Jackson, a Bernese mountain dog, pulled me into the alley, sniffing out something new. For four years, Jackson and I have walked the streets of Capitol Hill on a daily survey of this little corner of the city. Bounded by H Street to the north and I Street to the south and extending as far east as RFK Stadium, the Hill is a mix of green spaces and quiet residential streets.
My dad always said that the best way to get to know a place is to walk it; to discover its secrets and identify its landmarks. And who better to walk it with than curious, energetic canine companions. In groups of three or four, or sometimes even six or seven, we wander the streets, both witness to and participant in the life of a neighborhood.
At first I found the Hill a daunting place, a maze of diagonal avenues and one-way streets. When I started out on Independence Avenue, I wondered how I ended up on South Carolina. I mixed up the 300 block of Northeast with 300 Southeast. Brown's Court, I wondered, where is that?
But soon the grid system sinks in, the avenues fall into place and the one-block streets and triangle parks become familiar. At times, too familiar.
We take a new route, through the alleys that snake through the interior of the blocks. Ah, the lucky ones with the off-street parking and the large back yards, I think. Who would have suspected a row house with the entire back wall made of glass? Who expected a swimming pool behind the fence? Who knew there was a block of houses in the alley? Of course, there are the old mattresses and couches -- discarded but not yet hauled away.
One by one, the dogs stop to mark their territory. "Last one to go wins," I say to Jackson, smiling at their ritual. Invisible backyard dogs snarl and whine at us interlopers as we pass, and the occasional cat sets off a riot of barking.
With a dog's-eye view, the often overlooked details of the city become visible. The horse head sculptures atop the iron gate make us stop and take notice. Friend or foe, the dogs wonder. They didn't know what to make of the large, brightly decorated "Party Animal" donkey that appeared on the corner of East Capitol and Second Street last summer or the smiling stone cat in the yard on Massachusetts Avenue. We must approach cautiously and should be wary at the very least, the dogs decided.
We watch the signs go up. For sale, under contract, sold. In a few weeks, a new dog appears in the front yard. Sometimes it's a new cat, peering at us from the front window and noting our progress down the block. We watch baby carriages multiply and toddlers and their nannies congregate for playtime at Lincoln Park. Vacant lots are transformed into luxury townhouses and condos before our eyes. Dumpsters fill and empty and fill again as contractors descend upon this home or that one, excavating basements, restoring porches, painting, pointing and polishing.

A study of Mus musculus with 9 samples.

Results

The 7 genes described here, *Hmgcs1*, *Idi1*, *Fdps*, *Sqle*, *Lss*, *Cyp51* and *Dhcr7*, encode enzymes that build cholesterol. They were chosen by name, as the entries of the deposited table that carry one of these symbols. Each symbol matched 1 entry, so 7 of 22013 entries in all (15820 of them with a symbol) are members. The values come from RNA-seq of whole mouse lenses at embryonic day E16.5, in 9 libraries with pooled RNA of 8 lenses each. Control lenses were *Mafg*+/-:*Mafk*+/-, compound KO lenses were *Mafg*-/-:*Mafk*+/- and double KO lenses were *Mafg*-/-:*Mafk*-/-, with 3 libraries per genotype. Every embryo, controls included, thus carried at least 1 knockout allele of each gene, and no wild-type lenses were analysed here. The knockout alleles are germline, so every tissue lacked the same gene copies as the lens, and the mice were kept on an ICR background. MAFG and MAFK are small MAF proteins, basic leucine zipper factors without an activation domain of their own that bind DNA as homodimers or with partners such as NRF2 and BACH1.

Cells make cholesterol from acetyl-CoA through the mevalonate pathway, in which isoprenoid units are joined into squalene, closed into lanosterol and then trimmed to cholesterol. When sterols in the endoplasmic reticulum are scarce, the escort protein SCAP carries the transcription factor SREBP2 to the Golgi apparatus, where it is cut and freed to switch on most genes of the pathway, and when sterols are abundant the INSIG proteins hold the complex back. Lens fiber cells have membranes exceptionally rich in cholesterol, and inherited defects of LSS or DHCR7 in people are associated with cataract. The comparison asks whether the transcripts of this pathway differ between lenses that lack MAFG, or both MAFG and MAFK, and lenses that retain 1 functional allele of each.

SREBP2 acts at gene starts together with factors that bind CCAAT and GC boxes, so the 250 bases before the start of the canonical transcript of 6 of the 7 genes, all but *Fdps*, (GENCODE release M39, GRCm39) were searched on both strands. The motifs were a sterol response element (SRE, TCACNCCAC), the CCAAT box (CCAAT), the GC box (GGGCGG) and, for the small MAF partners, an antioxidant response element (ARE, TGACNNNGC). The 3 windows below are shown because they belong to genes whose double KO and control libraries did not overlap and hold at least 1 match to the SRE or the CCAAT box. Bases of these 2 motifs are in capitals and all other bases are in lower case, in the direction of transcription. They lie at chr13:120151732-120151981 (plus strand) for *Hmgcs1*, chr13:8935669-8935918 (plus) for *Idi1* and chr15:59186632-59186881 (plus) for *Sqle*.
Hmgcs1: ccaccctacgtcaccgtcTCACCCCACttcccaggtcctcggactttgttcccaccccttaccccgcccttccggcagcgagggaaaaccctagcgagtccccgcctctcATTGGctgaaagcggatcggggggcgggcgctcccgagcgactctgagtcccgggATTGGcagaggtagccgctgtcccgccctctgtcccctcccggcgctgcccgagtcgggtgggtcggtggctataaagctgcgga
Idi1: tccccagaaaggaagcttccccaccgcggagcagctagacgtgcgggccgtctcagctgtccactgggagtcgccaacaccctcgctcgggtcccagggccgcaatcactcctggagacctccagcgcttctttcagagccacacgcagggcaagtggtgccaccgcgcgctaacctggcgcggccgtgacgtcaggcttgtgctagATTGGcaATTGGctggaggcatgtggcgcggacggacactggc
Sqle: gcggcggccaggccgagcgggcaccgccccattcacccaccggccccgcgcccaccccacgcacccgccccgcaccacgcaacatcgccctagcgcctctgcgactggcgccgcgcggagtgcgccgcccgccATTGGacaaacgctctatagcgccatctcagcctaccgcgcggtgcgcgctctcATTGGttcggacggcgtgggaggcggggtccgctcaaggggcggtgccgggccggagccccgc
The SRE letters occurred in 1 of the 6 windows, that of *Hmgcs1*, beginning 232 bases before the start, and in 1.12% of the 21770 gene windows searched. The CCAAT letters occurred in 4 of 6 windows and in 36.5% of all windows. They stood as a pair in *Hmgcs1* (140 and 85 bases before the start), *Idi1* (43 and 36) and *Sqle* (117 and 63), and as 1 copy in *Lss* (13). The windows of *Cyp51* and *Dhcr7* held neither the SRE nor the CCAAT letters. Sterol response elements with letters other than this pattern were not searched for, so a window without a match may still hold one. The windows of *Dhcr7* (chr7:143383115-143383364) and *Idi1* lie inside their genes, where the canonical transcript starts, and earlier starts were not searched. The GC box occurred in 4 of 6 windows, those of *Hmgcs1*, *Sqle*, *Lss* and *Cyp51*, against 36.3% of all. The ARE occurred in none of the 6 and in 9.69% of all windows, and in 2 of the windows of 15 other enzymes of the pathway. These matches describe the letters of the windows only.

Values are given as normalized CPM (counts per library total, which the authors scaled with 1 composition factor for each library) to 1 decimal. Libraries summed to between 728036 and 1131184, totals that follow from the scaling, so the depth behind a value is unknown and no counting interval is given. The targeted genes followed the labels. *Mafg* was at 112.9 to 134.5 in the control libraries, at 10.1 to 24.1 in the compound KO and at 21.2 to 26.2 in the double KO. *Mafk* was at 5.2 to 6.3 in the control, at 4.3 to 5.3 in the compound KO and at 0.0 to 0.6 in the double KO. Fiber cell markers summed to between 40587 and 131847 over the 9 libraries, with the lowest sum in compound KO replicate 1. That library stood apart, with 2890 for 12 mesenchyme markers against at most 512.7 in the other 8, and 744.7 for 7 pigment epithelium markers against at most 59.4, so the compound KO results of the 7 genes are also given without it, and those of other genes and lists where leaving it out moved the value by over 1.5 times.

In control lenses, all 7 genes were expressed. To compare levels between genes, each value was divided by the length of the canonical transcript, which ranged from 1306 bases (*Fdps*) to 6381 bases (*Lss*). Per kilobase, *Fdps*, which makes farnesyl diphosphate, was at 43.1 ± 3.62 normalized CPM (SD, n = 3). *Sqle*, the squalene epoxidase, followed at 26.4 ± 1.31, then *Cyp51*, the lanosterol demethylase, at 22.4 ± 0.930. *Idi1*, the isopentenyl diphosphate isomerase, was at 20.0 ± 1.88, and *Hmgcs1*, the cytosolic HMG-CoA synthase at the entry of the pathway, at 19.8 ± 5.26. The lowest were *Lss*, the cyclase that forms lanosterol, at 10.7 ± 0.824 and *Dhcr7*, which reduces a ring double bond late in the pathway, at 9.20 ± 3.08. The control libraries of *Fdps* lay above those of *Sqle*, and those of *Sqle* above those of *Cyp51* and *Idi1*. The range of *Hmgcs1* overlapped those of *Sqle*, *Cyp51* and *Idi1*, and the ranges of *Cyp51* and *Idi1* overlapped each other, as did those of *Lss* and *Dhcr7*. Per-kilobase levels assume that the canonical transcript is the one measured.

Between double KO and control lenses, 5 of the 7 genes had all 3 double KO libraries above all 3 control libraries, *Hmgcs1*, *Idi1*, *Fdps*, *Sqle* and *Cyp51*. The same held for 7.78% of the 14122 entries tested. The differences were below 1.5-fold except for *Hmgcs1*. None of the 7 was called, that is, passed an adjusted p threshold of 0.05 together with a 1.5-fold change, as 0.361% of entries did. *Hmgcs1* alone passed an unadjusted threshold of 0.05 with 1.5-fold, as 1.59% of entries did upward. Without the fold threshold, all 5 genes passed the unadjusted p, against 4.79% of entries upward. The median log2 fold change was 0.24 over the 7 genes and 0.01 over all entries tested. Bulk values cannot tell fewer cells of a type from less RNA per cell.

The dogs and I are always on alert. One never knows what will happen.
A large branch from a decades-old tree barely misses us as it falls into the street. Two cars collide on Constitution Avenue just steps from where we are standing. Sometimes I think the 911 operator should know me by name. Tourists approach confidently, knowing that I am not lost like themselves. Where can I find the Air and Space Museum, they ask. This is Independence Avenue, right? Am I anywhere near Maryland?
The state or the avenue, I reply. I can get you to either.
Those with more dubious motives approach us, as well. "That dog bite?" they ask. "Yes," I answer, "I wouldn't come too close if I were you" -- even though I know the sweet dog at the other end of the leash is perfectly harmless.
On evening walks, my companions and I watch as Hill residents return home from the Metro, dry cleaning and briefcases in hand. During winter, we become connoisseurs of home decor as the brightly lit interiors allow us to peek into rooms invisible during the day. We note trends in dining room colors: yellows and blues and, of course, the ubiquitous red. The homes are like little jewel boxes; their timeworn facades belie their sparkling interiors.
Through it all, I keep walking, on Code Red days in summer and over piles of snow in winter, easily covering 15 miles a day. The dogs, the people, the houses and I -- living, changing and growing on Capitol Hill.
Grace Steckler, formerly a high school science teacher, established Saving Grace Dog Walking and Pet Sitting Service in 2000 and has enjoyed walking the Hill ever since.